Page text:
Nov 272011
 

Last year we actually hosted a real Thanksgiving dinner. It was our first. I am really happy about our first bird and we made some really nice dishes that were healthier alternatives to the “norm.” For example, we sauteed green beans and zucchini instead of making the high calories green bean casserole. It was good!

This year neither of us really had the desire to go nuts with Thanksgiving. We weren’t hosting anything, we weren’t going anywhere and it was just the two of us. So I planned out an alternative Thanksgiving feast for just the two of us. I also saved us a bunch of money by using things we already had on hand.

I had a nice day: I slept in and went to the gym (where it wasn’t crowded, shocker) and then started cooking. First, I made the same stuffing we had last year–a Cornbread Stuffing–that is amazing. I added a handful of cashews to the stuffing to make it fantastic!

Cornbread Stuffing

1 lb. fresh sausage, browned

1/2 cup softened butter

1 cup chopped onion

1/2 cup chopped celery

5 cups dried bread cubes

5 cups crumbled cornbread

1/4 tsp pepper

1 tsp poultry seasoning

1/2 cup milk

1 can cream of chicken soup

Directions- Melt butter in skillet and cook onion and celery until barely tender. Set aside with cooked sausage. In a bowl, combine cornbread, bread crumbs and seasonings, then stir in the milk and chicken soup. Add onion, celery and sausage, mix it up. Bake in a casserole dish at 325 degrees for 25 minutes.

 

I used leftover Texas Toast from the French Toast we made a few weeks ago, and leftover baguette from the dinner party.

They worked great and I used up stale leftovers! And several cans from the pantry. I made a quickie cornbread, from a box shuddddder! for the stuffing.

No Turkey?!

Nope, we didn’t do a turkey. I’d had some Cornish Game Hens in the freezer for a few months and I decided that they would work perfectly for an alternative Thanksgiving. I defrosted them both in the fridge for a few days and when Thursday came around they were ready.


I wanted to try out a recipe I found for turkey that sounded amazing: Roasted Turkey with Herb Butter and Roasted Shallots

I adapted that recipe for the Cornish Game Hens and it turned out wonderfully.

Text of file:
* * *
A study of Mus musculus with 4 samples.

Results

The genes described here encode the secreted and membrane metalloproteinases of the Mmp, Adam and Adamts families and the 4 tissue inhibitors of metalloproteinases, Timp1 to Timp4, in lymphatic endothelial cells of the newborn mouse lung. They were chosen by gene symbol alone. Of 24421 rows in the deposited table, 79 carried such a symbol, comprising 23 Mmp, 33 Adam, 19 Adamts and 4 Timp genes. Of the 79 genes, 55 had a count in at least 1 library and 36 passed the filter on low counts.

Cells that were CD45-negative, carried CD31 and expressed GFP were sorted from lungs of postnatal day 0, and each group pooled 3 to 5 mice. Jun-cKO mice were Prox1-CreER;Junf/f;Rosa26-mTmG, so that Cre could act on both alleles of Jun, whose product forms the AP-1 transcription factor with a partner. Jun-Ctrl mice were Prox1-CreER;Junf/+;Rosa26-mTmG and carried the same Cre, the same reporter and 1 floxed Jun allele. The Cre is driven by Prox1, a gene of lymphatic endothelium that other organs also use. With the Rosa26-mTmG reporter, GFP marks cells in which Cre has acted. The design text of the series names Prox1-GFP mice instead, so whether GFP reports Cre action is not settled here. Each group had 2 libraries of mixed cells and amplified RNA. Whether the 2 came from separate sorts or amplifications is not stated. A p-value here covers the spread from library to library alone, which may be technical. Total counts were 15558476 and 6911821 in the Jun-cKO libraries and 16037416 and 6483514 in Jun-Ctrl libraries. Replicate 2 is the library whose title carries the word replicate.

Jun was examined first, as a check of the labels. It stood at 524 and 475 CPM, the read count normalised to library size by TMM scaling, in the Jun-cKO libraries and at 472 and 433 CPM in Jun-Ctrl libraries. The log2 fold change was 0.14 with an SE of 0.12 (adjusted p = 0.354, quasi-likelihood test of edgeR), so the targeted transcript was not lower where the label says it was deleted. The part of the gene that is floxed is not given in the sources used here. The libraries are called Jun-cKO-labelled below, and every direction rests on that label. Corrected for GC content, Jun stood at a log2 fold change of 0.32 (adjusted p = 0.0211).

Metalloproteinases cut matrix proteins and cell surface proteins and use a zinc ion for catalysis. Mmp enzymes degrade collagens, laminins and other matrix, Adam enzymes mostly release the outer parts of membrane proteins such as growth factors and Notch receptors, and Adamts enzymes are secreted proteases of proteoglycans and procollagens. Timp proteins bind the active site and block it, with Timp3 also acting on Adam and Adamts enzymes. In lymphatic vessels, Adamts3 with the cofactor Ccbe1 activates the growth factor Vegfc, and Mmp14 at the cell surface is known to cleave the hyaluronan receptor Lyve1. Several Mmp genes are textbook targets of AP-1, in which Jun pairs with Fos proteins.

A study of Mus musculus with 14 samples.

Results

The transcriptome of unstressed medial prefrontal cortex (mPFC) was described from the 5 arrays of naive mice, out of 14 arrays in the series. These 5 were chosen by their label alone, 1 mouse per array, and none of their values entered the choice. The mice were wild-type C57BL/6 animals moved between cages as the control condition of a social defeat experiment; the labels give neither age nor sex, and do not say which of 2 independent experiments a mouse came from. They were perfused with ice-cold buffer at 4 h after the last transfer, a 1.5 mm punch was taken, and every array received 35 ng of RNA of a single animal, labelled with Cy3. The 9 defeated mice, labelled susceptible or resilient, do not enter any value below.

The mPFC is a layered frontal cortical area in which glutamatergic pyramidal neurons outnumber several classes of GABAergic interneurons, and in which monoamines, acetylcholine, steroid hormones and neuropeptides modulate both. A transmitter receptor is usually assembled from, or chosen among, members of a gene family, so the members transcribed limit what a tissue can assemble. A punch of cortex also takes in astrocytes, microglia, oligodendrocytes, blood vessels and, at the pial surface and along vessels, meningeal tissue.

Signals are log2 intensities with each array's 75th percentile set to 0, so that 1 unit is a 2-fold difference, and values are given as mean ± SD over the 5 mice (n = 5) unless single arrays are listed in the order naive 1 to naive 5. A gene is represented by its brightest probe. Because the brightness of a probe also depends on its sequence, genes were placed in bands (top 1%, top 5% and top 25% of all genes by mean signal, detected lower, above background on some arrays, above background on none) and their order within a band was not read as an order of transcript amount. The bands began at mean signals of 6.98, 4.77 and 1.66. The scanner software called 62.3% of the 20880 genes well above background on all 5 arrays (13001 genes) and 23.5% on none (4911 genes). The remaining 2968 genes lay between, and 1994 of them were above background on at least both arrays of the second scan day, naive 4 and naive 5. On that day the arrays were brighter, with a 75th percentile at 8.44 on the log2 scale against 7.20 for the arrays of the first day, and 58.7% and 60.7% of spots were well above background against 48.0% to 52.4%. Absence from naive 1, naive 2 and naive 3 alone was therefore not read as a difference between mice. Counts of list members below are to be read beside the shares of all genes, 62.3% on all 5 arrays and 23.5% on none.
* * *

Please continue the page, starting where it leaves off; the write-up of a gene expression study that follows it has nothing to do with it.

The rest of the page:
Roasted Cornish Game Hens

by Lisa (adapted)

3/4 cup softened butter

3 T. chopped fresh sage

3 T. chopped fresh thyme

Salt and pepper

Shallots, peeled and cut in half through the root

1 carrot, unpeeled

1 large celery stalk, cut in half

1 medium onion, peeled and quartered

3 cups vegetable broth (or chicken)

Preheat oven to 350 degrees. Mix together the butter and herbs. Wash and dry the Hens. Season cavity with salt and pepper and then stuff with carrot and celery. Smother the Hens with the butter herb concoction. Place Hens in roasting pan with shallots and onions.

Roast for 1.25 hours or 1.5 hours depending on the size of the Hens. Every 20-30 minutes baste them with the broth. The hens are done when the sauces run clear. Remove carrot and celery and discard. Serve.

 

It was difficult to get the butter to stick to the skin of the Hens. Eventually I gave up and used two knives to kind of spread it around. I did the best I could and flipped them over and did the other side.

I basted them every 20 minutes. I used vegetable broth because that’s what was leftover in the fridge. It worked great.

During the last 30 minutes of the Hens cooking, I added the stuffing to cook. I picked up an organic turkey gravy from the store for $2 (because Michael hates gravy and I’m so not picky). It turned out that one Cornish Game Hen was plenty for two of us to split, but that’s ok–we have leftovers now.

The Cornish Game Hens turned out lovely! I am so glad I tried the herb recipe because the flavors were delicate and delicious. The hens were a lot juicier than regular chicken ever is.

Michael “carved” the bird for dinner. :)

And of course, for dessert: you gotta have pumpkin pie.

All of the food turned out really delicious. And while it wasn’t really traditional, it was still warm and happy. I’m glad all the recipes I did turned out and I’m happy I got to spend it with Michael. I didn’t go crazy with my portions and I’m happy with my choices. I’d say Thanksgiving was a success!

QUESTION: What was the highlight of your holiday?